Ross County manager Malky Mackay.
Ross County manager Malky Mackay.

Ross County manager Malky Mackay believes the Staggies’ increasing connection with their supporters is making Victoria Park a formidable venue.

The Staggies face St Johnstone in a crucial Premiership fixture on Saturday, with the 11th placed Perth outfit trailing them by only four points.

Despite losing 2-0 at Hibernian last weekend, County go into the game with a strong home record which has seen them lose just one of their last eight games in Dingwall.

Mackay feels giving the home crowd plenty to celebrate will result in an even stronger backing from the Staggies faithful.

He said: “It’s pleasing, because at the start of the season with the Covid situation fans weren’t allowed in and it was a bit of a stumbling start because of the two games we couldn’t play in the League Cup.

“You don’t get the chance to get things going, and we were straight into the league season.

“Thankfully fans started coming back in. It was a new manager and a new team, so you get reservations with everyone, and people not wanting to come back to football with Covid. There was hesitancy to come and do that.

“We now have the situation where this is a tough place to come this season under myself.

“We’ve got entertaining football here and a couple of memorable experiences so far – for example the last minute equaliser against Rangers, and even despite the heartache taking Celtic to seven minutes of injury time, and a couple of last minute wins.

Ross County fans in the Jail End at Victoria Park.

“The Jail End is starting to have a real noise to it. There’s a group of young Ross County fans starting to come through, and that’s important for the club, those experiences are important.

“We’re a team who are relaxed at home and that really want to do well for our fans here, so that’s an important thing for us.”

Fan engagement a key focus throughout Mackay’s career

Mackay began his playing career in Scotland with Queen’s Park and Celtic, before spending a number of years in England with the likes of Norwich City, West Ham and Watford.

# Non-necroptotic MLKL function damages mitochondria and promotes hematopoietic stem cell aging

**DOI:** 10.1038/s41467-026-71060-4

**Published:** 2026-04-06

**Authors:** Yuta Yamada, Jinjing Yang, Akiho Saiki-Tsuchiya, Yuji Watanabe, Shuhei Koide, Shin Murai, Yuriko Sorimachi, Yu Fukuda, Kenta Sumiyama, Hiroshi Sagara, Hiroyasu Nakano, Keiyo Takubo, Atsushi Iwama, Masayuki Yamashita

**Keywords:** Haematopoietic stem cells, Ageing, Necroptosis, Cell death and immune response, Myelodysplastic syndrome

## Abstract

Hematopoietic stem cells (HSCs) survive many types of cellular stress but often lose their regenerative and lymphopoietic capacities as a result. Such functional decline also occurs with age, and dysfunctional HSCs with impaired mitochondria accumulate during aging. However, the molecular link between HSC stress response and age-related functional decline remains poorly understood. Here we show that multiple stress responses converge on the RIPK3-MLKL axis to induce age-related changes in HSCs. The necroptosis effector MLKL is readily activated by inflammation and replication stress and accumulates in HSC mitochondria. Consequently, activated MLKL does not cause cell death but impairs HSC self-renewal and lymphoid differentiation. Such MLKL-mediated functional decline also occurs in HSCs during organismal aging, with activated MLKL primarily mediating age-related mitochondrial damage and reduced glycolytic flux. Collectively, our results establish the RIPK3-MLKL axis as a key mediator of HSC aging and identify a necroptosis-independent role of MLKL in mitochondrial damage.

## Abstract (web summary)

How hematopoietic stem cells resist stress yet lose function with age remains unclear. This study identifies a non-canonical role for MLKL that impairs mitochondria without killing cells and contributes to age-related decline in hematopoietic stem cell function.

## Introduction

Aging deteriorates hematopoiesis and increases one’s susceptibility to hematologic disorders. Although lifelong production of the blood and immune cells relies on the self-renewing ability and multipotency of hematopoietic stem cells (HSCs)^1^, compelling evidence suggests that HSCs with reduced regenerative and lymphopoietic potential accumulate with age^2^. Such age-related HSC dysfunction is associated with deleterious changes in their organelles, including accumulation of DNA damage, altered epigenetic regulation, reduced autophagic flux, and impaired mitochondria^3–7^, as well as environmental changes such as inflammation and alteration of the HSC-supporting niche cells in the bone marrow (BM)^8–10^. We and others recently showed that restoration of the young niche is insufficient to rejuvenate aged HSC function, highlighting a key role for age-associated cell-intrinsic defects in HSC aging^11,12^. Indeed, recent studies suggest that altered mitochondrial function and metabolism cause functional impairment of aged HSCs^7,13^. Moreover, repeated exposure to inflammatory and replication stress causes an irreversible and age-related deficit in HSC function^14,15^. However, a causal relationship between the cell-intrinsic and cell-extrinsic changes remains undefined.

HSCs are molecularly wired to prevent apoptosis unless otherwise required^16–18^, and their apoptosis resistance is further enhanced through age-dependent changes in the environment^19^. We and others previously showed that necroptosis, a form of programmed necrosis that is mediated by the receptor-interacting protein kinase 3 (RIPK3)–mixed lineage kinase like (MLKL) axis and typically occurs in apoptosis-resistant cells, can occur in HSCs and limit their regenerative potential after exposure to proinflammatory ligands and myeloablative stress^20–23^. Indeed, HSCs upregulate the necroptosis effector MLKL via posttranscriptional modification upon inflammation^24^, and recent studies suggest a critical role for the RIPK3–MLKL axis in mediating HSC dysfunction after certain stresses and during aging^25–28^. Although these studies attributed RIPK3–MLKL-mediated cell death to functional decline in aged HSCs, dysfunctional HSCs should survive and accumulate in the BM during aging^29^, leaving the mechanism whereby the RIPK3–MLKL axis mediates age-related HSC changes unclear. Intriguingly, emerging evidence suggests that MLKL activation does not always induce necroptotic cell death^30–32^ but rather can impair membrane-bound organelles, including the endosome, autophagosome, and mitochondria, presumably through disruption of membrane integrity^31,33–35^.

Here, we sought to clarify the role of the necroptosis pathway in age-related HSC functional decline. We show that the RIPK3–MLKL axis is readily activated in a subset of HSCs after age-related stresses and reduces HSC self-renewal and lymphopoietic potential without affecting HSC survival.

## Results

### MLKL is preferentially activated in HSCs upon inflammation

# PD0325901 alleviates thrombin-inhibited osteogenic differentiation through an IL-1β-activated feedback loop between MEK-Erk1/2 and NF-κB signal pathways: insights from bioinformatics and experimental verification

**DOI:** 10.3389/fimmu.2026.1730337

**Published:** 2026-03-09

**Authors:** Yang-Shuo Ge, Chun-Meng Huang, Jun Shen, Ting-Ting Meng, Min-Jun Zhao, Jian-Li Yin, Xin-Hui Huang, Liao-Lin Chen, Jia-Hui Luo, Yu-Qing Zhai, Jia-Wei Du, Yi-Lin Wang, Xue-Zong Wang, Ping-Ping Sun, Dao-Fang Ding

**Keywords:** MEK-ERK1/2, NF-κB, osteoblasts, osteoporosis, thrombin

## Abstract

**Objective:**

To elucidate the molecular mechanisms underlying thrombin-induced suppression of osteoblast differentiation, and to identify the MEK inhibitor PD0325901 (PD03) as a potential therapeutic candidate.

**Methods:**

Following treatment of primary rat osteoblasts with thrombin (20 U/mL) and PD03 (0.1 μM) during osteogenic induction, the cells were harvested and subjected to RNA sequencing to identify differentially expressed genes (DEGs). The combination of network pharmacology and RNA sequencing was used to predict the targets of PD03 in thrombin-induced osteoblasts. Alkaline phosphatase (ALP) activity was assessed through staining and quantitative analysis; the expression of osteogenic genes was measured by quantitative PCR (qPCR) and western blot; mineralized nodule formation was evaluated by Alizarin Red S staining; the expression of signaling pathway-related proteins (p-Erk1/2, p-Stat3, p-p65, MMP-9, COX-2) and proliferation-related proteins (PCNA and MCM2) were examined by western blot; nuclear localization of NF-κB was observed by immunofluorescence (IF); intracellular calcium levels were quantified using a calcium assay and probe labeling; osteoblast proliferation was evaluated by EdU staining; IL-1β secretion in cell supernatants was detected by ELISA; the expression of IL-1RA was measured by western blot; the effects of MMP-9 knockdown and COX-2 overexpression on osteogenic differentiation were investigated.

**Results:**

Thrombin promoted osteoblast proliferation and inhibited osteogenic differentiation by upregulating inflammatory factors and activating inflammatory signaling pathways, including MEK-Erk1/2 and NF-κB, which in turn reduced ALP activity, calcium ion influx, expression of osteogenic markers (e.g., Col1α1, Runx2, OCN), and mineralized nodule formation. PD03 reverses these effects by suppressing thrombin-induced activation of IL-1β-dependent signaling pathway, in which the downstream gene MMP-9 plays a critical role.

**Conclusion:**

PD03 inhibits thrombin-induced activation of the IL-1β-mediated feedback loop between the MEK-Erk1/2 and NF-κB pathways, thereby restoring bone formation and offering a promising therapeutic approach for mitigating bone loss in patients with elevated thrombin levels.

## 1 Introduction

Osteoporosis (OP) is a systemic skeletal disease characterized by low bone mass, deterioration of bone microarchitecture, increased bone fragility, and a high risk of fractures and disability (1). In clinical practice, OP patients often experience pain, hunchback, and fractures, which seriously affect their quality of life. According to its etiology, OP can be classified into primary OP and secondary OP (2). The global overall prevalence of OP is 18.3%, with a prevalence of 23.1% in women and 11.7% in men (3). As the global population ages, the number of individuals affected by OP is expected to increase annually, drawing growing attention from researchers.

Having gone into management with the Hornets, before taking charge of Cardiff City and Wigan Athletic, Mackay says interaction with supporters has been a key focus throughout his career.

He added: “Graham Taylor at Watford really encapsulated everything about the community of that football club.

“They were a small club, about 70,000 people live in Watford on the outskirts of London, and Graham took that job on and changed that football club.

“He used to take players out on a Thursday night around the local pubs – nowadays that would obviously be frowned upon.

“Him and the players would go to five or six pubs in Watford, be there for half an hour and have chats.

“It was so innovative, to the point where that club became an incredible community club. There were a lot of spin-offs because of Graham Taylor and his approach.

“I’ve been at Celtic who are a worldwide club, and part of our job as players was to go out to supporters’ association’s evening, their yearly dance, and every one of us had at least five or six a year to do.

“It’s something that has been ingrained in me, being involved with the supporters.

“Down at Cardiff at first, the chief executive, myself and the captain went up into the valleys behind Cardiff to three 250-people venues to have a pint and a Q&A.

Malky Mackay during his spell at Cardiff City.

“I’m used to this, it’s something that goes back to Jock Stein’s saying that without fans, football is nothing. Everyone is now seeing that.

“In Covid, having empty stadiums with two teams playing, it was dire.”

Mackay says he is keen to engage with the Staggies’ fanbase in the months ahead, adding: “I want to go out the way. I’m keen to forage for our fan base far and wide so that our fans do get to see and speak to players, staff and me.

“That’s important as well that they get to hear what we’ve got to say.”